Barbarism in the birthplace of civilization
The photo above shows an execution which was recently carried out in the city of Mosul in northern Iraq, which is still under ISIS control. The man in the center is falling to his death after being thrown off a tall tower by ISIS men as a punishment for the crime of homosexuality, which is forbidden in Islam (the Koran includes the story of Lot and Sodom, as it includes many of the same stories as the Bible). You can read more about the execution here; more photos are here. ISIS has carried out numerous executions for homosexuality in the areas of Iraq and Syria under its rule, both by precipitation from tall buildings and by stoning.
As with the Christian Dominionists and Reconstructionists in the US who want to bring back stoning to death for homosexuality and adultery (among many other "crimes"), this is not some sort of distortion or "misuse" of religion. It is simply carrying out what the sacred texts command.
ISIS has also been targeting educated women for death. Islam's prescriptions on the subject of education are murky and conflicting, but female education and the independence it facilitates are, in practice, incompatible with the strict Islamic vision of the proper role of women in society. Recently ISIS also executed 13 teenage boys by firing squad for the crime of watching a soccer game on TV. I'm not sure of the basis for an Islamic objection to soccer, but the game was introduced to Iraq by the "infidel" British, and literalist religion is generally hostile to anything fun.
As we routinely do in the case of Europe, for the Middle East we must always distinguish between the great civilization of the region and the barbaric religion which has ruled over it for more than a millennium. The only reason that any sort of civilization has been possible in Europe or the Middle East since the end of the Classical world is that the Christian and Islamic taboo systems have usually not been enforced to the letter. The more society fell under strict domination by the Word of God, as in the European Dark Ages or under ISIS today, the more human culture was reduced to sterile savagery. The more the sacred texts were "re-interpreted" or simply ignored in favor of a more humane and pluralistic vision, the more culture was able to thrive.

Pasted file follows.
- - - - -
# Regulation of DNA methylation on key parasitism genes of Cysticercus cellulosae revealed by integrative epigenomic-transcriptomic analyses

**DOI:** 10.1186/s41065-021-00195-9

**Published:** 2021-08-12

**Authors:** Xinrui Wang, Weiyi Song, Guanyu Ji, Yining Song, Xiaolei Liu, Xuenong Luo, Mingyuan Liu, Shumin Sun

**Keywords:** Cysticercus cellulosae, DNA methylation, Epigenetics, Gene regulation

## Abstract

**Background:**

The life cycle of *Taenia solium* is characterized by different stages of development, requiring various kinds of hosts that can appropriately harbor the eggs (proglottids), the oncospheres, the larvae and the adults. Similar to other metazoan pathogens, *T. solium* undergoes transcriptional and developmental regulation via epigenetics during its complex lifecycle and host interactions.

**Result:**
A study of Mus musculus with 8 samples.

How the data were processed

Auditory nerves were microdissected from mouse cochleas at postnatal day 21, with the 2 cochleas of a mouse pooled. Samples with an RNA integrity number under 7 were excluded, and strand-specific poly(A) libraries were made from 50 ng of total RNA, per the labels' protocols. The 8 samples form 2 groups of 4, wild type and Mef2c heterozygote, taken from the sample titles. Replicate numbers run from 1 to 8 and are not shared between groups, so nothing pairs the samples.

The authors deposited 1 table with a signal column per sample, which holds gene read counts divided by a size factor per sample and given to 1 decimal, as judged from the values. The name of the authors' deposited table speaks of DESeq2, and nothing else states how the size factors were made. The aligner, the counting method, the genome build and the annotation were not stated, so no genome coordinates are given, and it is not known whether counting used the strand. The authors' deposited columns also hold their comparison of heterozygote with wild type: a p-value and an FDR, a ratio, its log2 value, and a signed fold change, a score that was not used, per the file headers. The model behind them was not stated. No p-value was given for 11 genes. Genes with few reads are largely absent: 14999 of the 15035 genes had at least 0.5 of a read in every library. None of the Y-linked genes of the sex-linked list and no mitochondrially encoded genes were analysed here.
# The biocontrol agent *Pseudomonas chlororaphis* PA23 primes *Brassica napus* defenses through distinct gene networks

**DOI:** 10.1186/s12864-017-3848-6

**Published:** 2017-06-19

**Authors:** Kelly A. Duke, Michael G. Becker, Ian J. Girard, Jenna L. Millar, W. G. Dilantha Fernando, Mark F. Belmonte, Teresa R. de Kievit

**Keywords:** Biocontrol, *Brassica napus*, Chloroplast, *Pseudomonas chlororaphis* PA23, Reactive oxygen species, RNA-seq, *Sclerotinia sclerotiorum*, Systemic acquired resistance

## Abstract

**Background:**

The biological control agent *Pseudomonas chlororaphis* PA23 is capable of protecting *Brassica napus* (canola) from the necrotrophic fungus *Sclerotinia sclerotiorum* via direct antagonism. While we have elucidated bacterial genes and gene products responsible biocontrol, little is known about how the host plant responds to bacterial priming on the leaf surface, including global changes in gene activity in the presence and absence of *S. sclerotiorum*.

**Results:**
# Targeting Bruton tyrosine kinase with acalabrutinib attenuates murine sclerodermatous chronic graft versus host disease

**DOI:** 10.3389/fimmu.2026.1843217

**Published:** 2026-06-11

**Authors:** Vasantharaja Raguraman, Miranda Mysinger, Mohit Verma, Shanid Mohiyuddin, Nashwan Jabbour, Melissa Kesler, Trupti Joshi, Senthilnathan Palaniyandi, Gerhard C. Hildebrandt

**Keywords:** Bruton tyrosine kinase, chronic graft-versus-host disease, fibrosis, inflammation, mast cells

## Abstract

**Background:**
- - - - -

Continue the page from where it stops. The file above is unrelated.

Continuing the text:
As was the case in the European Renaissance, many of the key creative figures of Middle Eastern literature and culture were homosexual in orientation and/or held "heretical" views on religion. The so-called "Islamic golden age" of the 7th-11th centuries (actually a revival of Hellenism under not-very-strict Islamic rule) could not have happened under an ISIS-like literalist regime which would have executed most of its major thinkers on one grounds or another, any more than a Europe which strictly enforced the taboos of the Old Testament could have produced the Renaissance.
But such regimes can destroy. The shrines at Najaf and Karbalâ are Shiite holy places; given ISIS's fanatical hatred of Shiism, if it were ever to capture those cities, the shrines might well share the fate of the Bâmiyân Buddha statues or the countless Classical books destroyed by fervent early Christians. As Hitchens once remarked, "No secularist would blow up a mosque, but a Sunni fanatic would blow up a Shia mosque and vice versa without compunction" -- as they have indeed been doing in Iraq for several years.
When religion dominated Europe, it was even more of a hideous bloody mess than the Middle East today -- think of the Thirty Years War, the witch-burnings, the Inquisition. Thanks to countless people of great courage and intellectual integrity, religion was neutered and civilization was reborn. Whether in Europe then or the Middle East now, the struggle is the same.